Ferns have a way of holding onto bits of their color during even the coldest months. Not that the plants are actively growing then, but a lot of their aerial parts don’t totally die back in the winter.
In the Northeastern United States we experience four seasons and right now it’s still officially Winter. Yeah, it looks kind of bleak out there in nature, at least when you’re looking at the big picture.
A lot of the grass, and weeds!, in lawns and near roadways appeared light green to tan or brown before the big snow arrived. The green parts will reappear when the weather gets sunnier and warmer and that’s actually not too far away now that it’s March, which came in like a lamb here in Central PA.
Greens polka-dot the landscape where the pine trees and hemlocks and other evergreen trees grow, but zoom in a little bit and you can find more splotches of color.
Taking a walk in the woods you can find ferns holding on to their leaves from the past growing season.
At least three kinds of ferns share our piece of land with us. At this point I can only call them as I see them:
- Large fern found singly. Long arching leaves with rounded leaflets.
- Small upright fern. Few leaves in vertical arrangement. Leaflets twist up the stems.
- Medium size light green fern often found in mass groupings. Erect leaves with etched leaflets.
So, how do we tell what fern it is?
Get a book!
The one I’ll use for wildeherb identifications is Fern Finder by Ann and Barbara Hallowell. It’s a small, 64-page pocket guide that is excellent at what it does and that’s teach us about ferns and how to identify them.
Fern Finder concentrates on the ferns of Central and Northeastern United States and Eastern Canada, so if you live in the American West or Deep South, you may have to look for additional resources to identify your ferns.
Maybe you took notice that I’ve used terms that apply to flowering plants to describe these generic ferns above. How astute! Ferns are quite different from the angiosperms or flowering plants so it doesn’t follow that the same terms apply equally to flowers and ferns.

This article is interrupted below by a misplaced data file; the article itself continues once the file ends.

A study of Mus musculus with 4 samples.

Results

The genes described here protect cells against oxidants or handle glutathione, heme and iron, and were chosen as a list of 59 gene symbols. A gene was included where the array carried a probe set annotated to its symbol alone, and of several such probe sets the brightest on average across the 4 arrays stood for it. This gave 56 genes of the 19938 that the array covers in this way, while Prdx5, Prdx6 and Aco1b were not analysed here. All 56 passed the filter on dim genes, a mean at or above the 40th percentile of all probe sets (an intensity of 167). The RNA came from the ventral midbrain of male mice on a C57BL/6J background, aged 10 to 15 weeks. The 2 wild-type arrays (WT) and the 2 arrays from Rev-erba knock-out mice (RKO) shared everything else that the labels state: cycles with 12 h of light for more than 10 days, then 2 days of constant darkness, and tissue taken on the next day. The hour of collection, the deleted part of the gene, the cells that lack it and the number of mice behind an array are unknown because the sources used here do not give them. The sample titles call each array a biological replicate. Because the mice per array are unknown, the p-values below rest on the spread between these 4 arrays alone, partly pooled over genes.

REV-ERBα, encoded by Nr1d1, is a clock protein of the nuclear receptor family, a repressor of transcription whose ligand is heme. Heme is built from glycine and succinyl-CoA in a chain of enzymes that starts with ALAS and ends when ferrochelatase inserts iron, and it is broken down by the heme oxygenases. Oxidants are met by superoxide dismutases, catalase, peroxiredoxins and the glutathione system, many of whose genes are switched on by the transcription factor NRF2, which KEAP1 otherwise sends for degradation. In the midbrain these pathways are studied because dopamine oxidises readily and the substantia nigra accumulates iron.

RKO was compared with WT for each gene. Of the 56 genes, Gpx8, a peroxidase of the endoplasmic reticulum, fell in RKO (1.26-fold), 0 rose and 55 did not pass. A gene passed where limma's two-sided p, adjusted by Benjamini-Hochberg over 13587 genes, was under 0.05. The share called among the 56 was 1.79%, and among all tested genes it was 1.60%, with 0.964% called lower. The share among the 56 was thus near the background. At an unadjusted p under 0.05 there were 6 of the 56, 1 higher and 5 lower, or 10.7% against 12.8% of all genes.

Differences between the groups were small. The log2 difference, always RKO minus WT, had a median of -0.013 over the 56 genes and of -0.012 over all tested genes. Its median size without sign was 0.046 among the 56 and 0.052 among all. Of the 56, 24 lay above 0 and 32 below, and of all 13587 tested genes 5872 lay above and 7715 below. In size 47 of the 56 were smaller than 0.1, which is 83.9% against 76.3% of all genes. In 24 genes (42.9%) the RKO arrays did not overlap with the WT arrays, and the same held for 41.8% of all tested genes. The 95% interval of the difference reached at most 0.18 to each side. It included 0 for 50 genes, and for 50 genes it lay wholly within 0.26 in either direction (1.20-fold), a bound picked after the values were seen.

Instead of saying leaf we should use the term frond when speaking of ferns. Likewise, instead of leaflet we should say pinna.
Other features of fronds are used to identify the species, such as the overall shape of a frond and how it’s divided into pinna. Of course some ferns aren’t divided into pinnae, which is the plural of pinna. The fern’s growth form is an important clarifier, as are the appearance of the pinnae and the frond stems.
Ferns don’t have flowers as such, but their reproductive parts can also be used to help identify the species. We talking about rhizomes or underground stems, spores that are found on the undersides of leafy parts of the fronds, and bulblets.
The ferns that grow up here on the mountain ridge aren’t yet identified to species, so I’ve given them temporary names that describe sort of what they look like:
- big frond fern (photo above)
- lil standup fern (no photo yet)
- featherwand fern (photo below)
(Photos taken 31 Dec 2015. Click on any image for a larger view.)
Since I couldn’t identify them, how did I know they were ferns? I’m not sure, I just knew they were ferns. Kind of like just knowing it’s a robin red-breast when you see one hopping around the yard. As kids we were taught things by others pointing and saying the name of the new thing. We grow up learning the names before we understand the thing.
Ferns have common features, just like flowering plants do but it’s difficult to describe them without showing more pictures. If you look in a reference book, like Peterson’s Guide to Ferns, they’re described to have no seeds and no flowers, instead reproducing by spores. Well, that’s not very descriptive for looking at a fern and saying, “Hey, look it’s a fern!”
Next on my list is to go find my lil standup fern and photograph it. Then we can begin to compare the three ferns more meaningfully.